Economic conditions deteriorated with the onset of the world-wide depression. High unemployment, underemployment, and low wages contributed to the growing disillusionment. Workers and aspiring union leaders staged mass demonstrations and hunger marches. In 1933 urban workers demonstrated in Port of Spain while drought and worsening conditions in the sugar areas led to massive layoffs (Brereton 1981:171).

In July 1934 Couva, Chaguanas, Tunapuna, and San Fernando were rocked by mass demonstrations of near-starving sugar workers who marched from Caroni, the center of the sugar area, to Port of Spain. 15,000 workers throughout the sugar belt ultimately became involved. Attacks on estate managers and the police, the destruction of company property, looting, and other acts of violence indicate the desperation of men close to starvation. No organization claimed to direct the workers nor were there any identifiable leaders. The uprisings were quelled without loss of life but many were arrested and fined (Brereton 1981:171).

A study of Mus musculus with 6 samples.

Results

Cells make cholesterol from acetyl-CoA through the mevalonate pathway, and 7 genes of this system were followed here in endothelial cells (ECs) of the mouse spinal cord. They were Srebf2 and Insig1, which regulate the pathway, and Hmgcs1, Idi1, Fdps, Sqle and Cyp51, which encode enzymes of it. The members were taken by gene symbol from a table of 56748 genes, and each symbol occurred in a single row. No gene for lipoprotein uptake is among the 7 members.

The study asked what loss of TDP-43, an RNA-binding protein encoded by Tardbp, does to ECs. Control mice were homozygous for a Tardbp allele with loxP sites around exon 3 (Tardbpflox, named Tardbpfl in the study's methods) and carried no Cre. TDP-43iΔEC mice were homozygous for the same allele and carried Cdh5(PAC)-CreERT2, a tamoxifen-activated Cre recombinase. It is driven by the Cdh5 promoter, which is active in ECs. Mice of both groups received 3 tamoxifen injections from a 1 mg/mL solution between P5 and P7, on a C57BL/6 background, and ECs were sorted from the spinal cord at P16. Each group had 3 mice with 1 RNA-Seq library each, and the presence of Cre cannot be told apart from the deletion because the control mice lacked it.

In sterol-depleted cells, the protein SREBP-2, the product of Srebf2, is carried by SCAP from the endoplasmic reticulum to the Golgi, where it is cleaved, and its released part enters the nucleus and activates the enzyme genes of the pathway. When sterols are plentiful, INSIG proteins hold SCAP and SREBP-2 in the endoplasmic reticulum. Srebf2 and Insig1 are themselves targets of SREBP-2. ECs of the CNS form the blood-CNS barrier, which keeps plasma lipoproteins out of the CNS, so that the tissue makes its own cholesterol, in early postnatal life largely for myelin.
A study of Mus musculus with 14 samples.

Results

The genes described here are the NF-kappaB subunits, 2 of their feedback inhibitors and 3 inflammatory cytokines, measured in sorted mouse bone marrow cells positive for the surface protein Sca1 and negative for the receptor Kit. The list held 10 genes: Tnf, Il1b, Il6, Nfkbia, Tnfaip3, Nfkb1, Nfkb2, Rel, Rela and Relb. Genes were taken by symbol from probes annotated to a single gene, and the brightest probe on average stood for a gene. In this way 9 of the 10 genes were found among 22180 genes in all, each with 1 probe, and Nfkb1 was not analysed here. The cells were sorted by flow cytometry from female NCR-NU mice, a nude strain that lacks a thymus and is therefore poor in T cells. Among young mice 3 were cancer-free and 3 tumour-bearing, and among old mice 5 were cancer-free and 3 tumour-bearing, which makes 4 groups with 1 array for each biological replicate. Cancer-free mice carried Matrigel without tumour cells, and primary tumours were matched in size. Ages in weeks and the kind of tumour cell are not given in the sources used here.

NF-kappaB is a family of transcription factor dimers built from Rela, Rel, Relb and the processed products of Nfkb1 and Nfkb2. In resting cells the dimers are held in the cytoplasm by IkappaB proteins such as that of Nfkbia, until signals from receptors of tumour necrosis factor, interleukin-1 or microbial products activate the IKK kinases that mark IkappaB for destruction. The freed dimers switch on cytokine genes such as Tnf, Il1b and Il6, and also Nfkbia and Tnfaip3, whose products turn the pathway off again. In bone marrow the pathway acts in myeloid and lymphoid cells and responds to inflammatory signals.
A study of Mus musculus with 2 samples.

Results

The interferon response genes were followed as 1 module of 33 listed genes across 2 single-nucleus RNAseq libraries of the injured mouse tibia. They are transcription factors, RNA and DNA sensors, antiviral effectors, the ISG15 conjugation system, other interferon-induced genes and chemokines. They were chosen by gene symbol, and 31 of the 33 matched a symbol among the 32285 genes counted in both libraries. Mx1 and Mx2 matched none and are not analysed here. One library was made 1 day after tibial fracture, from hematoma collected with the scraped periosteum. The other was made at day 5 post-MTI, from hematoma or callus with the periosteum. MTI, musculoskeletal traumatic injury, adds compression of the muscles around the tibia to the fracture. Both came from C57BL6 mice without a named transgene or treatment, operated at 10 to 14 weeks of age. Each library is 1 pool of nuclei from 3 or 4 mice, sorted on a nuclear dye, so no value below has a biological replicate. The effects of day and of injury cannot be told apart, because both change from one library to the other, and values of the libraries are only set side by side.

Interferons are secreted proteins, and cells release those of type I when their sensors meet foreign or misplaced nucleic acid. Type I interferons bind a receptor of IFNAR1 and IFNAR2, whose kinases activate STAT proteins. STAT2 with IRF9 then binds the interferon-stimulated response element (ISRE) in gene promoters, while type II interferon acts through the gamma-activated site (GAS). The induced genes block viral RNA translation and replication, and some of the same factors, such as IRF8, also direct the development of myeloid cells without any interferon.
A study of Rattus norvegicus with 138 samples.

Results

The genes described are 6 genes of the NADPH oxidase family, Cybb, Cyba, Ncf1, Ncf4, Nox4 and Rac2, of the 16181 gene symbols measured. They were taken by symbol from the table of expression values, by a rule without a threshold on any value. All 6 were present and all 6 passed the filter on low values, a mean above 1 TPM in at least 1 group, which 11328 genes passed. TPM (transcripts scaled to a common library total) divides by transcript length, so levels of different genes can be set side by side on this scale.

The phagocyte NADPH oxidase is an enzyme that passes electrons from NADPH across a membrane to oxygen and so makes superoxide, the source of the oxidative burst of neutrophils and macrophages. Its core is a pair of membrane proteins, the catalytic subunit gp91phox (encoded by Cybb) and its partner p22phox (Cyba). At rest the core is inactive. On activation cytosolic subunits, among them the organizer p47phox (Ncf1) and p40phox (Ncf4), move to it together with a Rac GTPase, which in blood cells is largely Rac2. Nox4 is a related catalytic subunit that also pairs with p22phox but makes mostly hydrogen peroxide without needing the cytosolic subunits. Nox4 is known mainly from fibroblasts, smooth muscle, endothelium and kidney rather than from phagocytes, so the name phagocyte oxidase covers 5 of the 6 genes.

As usual the colonial government appointed a Commission of Enquiry which failed to make any recommendations for improving the living or working conditions of sugar workers. The governor criticized the sugar companies for their callous disregard of their workers' pitiful plights and berated them for overtasking and retrenchment (Brereton 1981:171). These riots marked the arrival of East Indian workers onto the stage of industrial agitation and political mobilization.

In March 1935 Apex Oilfield workers struck complaining of long hours, low wages, unfair deductions, and poor conditions. The workers downed tools and set off on a hunger march to Port of Spain under the leadership of T.U. Butler and John Rojas, executive members of the TLP in Fyzabad. Butler challenged the Trinidad Labour Party and their leader Captain Cipriani for their lack of support and emerged as the leader of the oil-workers (Brereton 1981:172).

The nationwide labor riots of 1937 were the culmination of long simmering dissatisfaction with the prevailing industrial arrangements and living conditions. A new period of labor/capital relations began with the formation of modern industrial trade unions in the aftermath of the uprisings.